Winsted Mayor

Steve Stotko

Why are you running for mayor of Winsted?

I take seriously the responsibility of being a dedicated public servant. I apply common sense principles in all my decision-making, and I work diligently and cooperatively with my fellow council members to find common ground that serves the best interests of Winsted and all its residents. I want to continue working to keep Winsted a first-rate, affordable place to live, to work, and to raise a family.

What do you believe are the top two issues facing the city, and what are your proposed solutions?

I have a number of concerns that are of equal importance. They are:

Local government aid (LGA) reductions – the city should wean itself off of this aid, without reducing services and raising taxes. LGA accounts for 35.5 percent of the general fund revenues in 2012. This amounts to $547,848.

Capital improvements – the city needs to fund this account to lessen the possibility of raising taxes and/or floating bonds.

Infrastructure: Water, sewer, and roads will need to be upgraded and maintained.

Downtown vibrancy – make our downtown a “destination.” This can be achieved by promoting our history and public art. Follow the recommendations brought forward by the Downtown Vibrancy Task Force.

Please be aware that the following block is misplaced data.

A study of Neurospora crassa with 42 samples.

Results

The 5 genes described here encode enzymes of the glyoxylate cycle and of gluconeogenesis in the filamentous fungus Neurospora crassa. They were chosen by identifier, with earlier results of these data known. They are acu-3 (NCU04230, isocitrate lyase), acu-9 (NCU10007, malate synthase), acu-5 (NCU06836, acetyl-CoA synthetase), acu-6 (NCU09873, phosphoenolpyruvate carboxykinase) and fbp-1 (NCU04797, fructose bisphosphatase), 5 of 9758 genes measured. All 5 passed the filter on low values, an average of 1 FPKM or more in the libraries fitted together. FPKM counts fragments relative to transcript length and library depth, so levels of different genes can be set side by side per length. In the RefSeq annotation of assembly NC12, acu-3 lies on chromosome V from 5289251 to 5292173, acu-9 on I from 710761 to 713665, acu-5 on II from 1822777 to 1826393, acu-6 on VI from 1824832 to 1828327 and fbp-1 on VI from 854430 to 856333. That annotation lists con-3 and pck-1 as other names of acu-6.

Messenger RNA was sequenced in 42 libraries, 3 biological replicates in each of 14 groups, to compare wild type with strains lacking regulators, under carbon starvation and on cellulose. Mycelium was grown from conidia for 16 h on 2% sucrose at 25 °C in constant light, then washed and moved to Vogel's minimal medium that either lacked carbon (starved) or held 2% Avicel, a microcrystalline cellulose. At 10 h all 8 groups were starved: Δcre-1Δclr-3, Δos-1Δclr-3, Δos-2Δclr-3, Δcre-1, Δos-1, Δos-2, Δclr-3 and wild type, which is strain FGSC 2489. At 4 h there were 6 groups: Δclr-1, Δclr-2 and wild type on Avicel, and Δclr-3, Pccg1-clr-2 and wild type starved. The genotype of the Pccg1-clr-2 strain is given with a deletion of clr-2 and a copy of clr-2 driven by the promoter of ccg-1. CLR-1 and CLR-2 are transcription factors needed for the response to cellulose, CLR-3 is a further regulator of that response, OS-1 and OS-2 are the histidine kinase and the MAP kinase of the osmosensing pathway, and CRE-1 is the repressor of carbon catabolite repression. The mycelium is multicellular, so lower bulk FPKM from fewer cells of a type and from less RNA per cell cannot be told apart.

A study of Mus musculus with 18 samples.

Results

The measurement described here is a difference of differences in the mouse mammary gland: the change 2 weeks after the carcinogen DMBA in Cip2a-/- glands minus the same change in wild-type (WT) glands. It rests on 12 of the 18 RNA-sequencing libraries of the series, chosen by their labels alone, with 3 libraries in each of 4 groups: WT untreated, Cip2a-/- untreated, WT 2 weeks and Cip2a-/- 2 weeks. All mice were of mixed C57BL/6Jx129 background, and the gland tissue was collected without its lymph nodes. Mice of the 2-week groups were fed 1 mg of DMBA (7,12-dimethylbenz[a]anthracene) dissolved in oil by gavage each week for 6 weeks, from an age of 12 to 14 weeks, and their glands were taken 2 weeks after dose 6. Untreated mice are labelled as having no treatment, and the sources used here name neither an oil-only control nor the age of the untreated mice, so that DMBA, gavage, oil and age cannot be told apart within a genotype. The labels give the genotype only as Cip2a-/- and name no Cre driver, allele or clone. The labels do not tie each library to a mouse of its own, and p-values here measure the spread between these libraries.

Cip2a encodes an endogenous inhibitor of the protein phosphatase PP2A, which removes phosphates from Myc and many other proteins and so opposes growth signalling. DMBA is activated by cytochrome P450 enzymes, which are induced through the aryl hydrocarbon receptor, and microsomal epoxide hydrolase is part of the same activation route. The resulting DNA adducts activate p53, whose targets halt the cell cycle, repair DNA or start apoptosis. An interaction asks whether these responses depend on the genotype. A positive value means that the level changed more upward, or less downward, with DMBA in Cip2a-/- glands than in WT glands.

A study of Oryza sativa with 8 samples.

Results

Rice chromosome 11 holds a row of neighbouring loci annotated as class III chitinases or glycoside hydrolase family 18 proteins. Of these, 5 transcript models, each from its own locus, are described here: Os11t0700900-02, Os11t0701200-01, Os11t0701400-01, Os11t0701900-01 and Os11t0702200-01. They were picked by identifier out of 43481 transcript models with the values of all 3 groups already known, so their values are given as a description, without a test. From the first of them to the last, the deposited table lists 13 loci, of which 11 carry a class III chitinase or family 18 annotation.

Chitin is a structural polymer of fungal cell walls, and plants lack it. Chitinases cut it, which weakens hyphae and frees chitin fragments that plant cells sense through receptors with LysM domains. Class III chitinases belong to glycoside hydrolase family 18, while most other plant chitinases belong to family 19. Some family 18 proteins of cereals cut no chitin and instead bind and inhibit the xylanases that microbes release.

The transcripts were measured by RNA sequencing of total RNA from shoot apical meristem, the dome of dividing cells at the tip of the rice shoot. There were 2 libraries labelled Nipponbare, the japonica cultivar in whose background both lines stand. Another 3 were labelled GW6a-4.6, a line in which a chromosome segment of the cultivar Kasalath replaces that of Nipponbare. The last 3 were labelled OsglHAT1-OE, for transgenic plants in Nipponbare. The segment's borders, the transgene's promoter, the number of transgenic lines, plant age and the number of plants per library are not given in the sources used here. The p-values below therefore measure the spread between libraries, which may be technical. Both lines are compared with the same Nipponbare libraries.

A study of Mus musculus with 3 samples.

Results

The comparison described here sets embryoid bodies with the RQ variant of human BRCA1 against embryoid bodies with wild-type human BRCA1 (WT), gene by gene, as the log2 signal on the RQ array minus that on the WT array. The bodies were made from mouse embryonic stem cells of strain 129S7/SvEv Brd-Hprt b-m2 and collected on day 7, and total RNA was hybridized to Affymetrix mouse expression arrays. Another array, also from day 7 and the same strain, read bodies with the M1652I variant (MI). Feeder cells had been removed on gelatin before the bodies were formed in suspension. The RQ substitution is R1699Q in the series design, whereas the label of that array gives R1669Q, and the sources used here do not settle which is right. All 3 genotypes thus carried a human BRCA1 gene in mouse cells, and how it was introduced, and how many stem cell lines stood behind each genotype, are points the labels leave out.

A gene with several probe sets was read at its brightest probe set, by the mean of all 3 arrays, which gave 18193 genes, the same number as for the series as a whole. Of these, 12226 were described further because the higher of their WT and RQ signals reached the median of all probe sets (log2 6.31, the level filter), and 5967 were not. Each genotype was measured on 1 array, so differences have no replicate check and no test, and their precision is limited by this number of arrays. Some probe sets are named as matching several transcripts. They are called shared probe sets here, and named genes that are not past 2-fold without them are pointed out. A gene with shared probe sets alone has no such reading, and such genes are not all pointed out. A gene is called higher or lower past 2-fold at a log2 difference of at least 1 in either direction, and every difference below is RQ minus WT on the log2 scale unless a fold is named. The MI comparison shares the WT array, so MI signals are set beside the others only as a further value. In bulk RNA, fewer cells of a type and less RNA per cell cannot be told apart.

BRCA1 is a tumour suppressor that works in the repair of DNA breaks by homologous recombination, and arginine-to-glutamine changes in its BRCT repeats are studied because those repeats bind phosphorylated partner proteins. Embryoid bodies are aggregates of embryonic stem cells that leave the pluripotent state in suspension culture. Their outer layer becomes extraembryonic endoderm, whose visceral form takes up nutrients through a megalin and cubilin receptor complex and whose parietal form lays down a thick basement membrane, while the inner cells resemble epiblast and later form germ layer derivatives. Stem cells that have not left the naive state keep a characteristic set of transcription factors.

Unfunded mandates – work with state and federal elected officials to eliminate all unfunded mandates.

Industrial park – our current industrial park is at capacity. The city should explore future sights and ways to fund land acquisition and infrastrucure.

What specifically can this unit of government do to cut costs and operate efficiently, while still maintaining service to taxpayers?

The following items are examples of what the council has done to reduce costs.

Change insurance companies, which resulted in a 9 percent decrease in health insurance costs for the city from 2011-12.

New cell phone contract saved the city money.

Reduced city attorney fees, due to not attending council meetings.

Summer seasonal public works staff eliminated.

Refinanced bonds, resulting in $860,797.73 savings over the terms of the bonds (paid off in 2033).

Over the last five years, the city has had a 3.3 percent tax increase, or an annual increase of .66 percent. During those five years, we were able to maintain all our city services.

As we move forward, we’ll continue to look at ways to cut costs and continue to maintain services.